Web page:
African Giraffes

African giraffes can be found throughout large areas of the sub-Saharan portion of the continent. It is the tallest of all land mammals, with adult males reaching a height of 14 to 17 feet. The tallest recorded male was almost 20 feet high. Not many people will go on wildlife safaris just to spot these creatures, but you will see them on just about every safari whether it is southern African countries like South Africa or East Africa countries like Kenya and Tanzania. There are very few national parks, game reserves or private game ranches that have no giraffes. Some wildlife experts will go on a giraffe safari in southern Sudan or the northern Democratic Republic of Congo only to observe the rare Nubian giraffe. It is estimated that only about 250 of these species remain in the wild.

The African giraffes found in Kenya are the reticulated giraffe, the Maasai giraffe, and the Rothschild's giraffe. The reticulated is perhaps the most striking in appearance, with bright brownish-orange patches separated by bright white lines. This subspecies is found only in northern Kenya's semi-arid desert regions like Samburu and Buffalo Springs Reserves. It is also found in southern Ethiopia and Somalia. If you visit the Africa section of zoos, this is the type of giraffe you are most apt to see. The Maasai giraffe is found in southern Kenya (and across the border in Tanzania). Its spots are leaf-shaped. Sometimes called the Kilimanjaro giraffe, this sub-species is the subject of numerous classic photographs of Mount Kilimanjaro, as they stride majestically across the landscape with the mountain in the background. These shots will be taken at Amboseli National Park, which has the best views of the mountain that is actually located in Tanzania and can be included on safaris that span across both Kenya and Tanzania.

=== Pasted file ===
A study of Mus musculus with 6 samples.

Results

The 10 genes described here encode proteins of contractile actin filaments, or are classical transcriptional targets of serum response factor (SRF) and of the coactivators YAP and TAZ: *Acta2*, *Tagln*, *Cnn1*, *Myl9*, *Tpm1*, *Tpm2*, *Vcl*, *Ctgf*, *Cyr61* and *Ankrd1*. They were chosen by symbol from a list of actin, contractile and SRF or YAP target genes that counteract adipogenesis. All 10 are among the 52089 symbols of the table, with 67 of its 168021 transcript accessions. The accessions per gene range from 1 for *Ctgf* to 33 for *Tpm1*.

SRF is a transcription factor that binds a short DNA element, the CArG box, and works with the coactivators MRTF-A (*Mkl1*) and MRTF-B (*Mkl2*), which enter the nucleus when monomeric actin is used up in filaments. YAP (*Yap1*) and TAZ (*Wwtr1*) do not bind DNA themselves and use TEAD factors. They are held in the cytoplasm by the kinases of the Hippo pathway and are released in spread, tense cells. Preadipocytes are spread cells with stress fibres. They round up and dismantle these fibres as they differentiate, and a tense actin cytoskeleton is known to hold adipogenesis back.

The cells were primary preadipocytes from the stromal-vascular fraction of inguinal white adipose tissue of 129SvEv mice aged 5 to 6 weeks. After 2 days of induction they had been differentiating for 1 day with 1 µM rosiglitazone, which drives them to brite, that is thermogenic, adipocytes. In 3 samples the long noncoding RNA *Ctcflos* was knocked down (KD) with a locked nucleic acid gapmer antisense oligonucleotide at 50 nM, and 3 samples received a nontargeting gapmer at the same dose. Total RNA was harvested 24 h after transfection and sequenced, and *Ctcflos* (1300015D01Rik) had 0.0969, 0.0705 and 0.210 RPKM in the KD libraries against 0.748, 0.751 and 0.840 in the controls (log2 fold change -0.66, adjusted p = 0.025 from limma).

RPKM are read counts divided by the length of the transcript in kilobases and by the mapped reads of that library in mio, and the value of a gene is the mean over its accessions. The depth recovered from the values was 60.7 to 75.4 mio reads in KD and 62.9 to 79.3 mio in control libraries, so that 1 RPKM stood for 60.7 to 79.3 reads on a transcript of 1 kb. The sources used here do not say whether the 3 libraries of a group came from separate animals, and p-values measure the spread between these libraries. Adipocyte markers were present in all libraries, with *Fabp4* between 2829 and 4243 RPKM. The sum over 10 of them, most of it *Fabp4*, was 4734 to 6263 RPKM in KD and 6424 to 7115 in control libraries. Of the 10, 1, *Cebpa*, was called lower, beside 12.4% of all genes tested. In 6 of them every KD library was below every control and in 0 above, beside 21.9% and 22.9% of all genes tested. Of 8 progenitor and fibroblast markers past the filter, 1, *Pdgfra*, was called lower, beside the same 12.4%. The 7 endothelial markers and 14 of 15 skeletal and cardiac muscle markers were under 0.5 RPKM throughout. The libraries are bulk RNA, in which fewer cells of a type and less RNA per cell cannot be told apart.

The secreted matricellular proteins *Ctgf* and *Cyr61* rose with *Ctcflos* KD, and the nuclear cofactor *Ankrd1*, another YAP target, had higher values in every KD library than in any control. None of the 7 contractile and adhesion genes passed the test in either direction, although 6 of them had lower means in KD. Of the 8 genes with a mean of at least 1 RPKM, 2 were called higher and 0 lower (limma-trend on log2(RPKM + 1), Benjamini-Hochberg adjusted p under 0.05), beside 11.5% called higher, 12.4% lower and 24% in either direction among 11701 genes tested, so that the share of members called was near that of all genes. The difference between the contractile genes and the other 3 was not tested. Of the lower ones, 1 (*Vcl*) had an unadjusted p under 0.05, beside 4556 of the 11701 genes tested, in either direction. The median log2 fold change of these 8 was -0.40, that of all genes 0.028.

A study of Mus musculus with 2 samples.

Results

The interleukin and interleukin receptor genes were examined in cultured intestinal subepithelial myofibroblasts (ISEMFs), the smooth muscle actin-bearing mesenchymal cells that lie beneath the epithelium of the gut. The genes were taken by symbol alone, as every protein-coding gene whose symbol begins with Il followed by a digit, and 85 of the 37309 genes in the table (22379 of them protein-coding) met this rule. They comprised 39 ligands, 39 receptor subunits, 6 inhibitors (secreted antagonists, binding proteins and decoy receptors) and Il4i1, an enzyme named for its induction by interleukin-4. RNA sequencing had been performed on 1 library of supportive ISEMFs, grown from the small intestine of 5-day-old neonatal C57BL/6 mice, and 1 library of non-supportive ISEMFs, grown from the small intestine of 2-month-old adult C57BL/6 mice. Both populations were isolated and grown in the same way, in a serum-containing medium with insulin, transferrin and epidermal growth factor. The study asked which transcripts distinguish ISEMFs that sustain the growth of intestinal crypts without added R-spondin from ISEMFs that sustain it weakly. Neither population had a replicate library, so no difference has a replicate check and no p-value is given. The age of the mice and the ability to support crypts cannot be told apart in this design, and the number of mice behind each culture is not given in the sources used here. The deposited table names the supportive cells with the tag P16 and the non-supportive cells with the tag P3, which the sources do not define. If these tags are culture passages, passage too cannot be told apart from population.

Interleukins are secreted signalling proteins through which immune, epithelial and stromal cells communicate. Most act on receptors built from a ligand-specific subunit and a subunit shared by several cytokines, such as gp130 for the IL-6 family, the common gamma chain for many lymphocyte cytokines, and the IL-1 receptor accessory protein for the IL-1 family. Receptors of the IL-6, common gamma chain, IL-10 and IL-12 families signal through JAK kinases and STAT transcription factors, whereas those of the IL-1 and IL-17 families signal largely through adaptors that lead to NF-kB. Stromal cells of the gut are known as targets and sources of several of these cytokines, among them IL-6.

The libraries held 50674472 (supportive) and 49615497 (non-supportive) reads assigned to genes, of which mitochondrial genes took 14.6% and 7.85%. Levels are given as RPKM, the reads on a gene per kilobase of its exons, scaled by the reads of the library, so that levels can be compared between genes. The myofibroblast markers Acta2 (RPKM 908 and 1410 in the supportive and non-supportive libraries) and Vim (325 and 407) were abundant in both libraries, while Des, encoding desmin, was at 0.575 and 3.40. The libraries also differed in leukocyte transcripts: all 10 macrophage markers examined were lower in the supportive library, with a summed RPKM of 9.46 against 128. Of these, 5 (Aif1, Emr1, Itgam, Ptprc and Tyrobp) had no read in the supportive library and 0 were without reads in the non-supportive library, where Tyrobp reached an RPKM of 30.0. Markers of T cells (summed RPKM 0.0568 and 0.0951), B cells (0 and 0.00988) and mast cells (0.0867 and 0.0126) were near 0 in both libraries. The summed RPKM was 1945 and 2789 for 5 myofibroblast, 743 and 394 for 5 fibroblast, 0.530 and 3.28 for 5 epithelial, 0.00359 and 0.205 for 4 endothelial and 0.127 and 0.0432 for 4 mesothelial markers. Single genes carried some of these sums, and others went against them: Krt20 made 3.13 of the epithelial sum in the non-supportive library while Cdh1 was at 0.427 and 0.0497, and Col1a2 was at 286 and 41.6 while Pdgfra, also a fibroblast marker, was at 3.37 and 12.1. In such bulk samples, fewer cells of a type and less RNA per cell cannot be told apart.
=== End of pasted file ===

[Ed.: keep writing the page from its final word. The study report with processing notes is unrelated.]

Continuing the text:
The Rothschild giraffe has blotchy spots with fuzzy white lines between them. It also has white "stockings." This is also a fairly rare giraffe, and became nearly extinct. In the 1970s, the owners of a colonial manor house near Nairobi National Park brought several of the animals to their estate (now called Giraffe Manor) for safekeeping. They have thrived and reproduced and the house is now an elegant and exclusive bed and breakfast inn where giraffes are apt to stick their heads in the windows and snatch fruit right off your plate. Today, many local schoolchildren will embark on a giraffe safari just to see these creatures at the Giraffe Center near Giraffe Manor. Here you can climb to a two-story platform where you can feed them by hand and learn facts about the like the fact that they have the same number of vertebrae in their long necks as humans (seven) and that their prehensile tongues are as long 21 inches. You can see Giraffe Manor from the Giraffe Center.

Other African giraffes include the Angolan or Smoky giraffe found in Angola, Namibia, Zambia, Botswana, and Zimbabwe ; the Kordofan giraffe found in Cameroon, the Central Africa Republic, and Chad; the South African giraffe found in South Africa, Zimbabwe, Botswana, and Mozambique; and the Thornicroft or Rhodesian giraffe found in Zambia; and the West African giraffe found in Niger.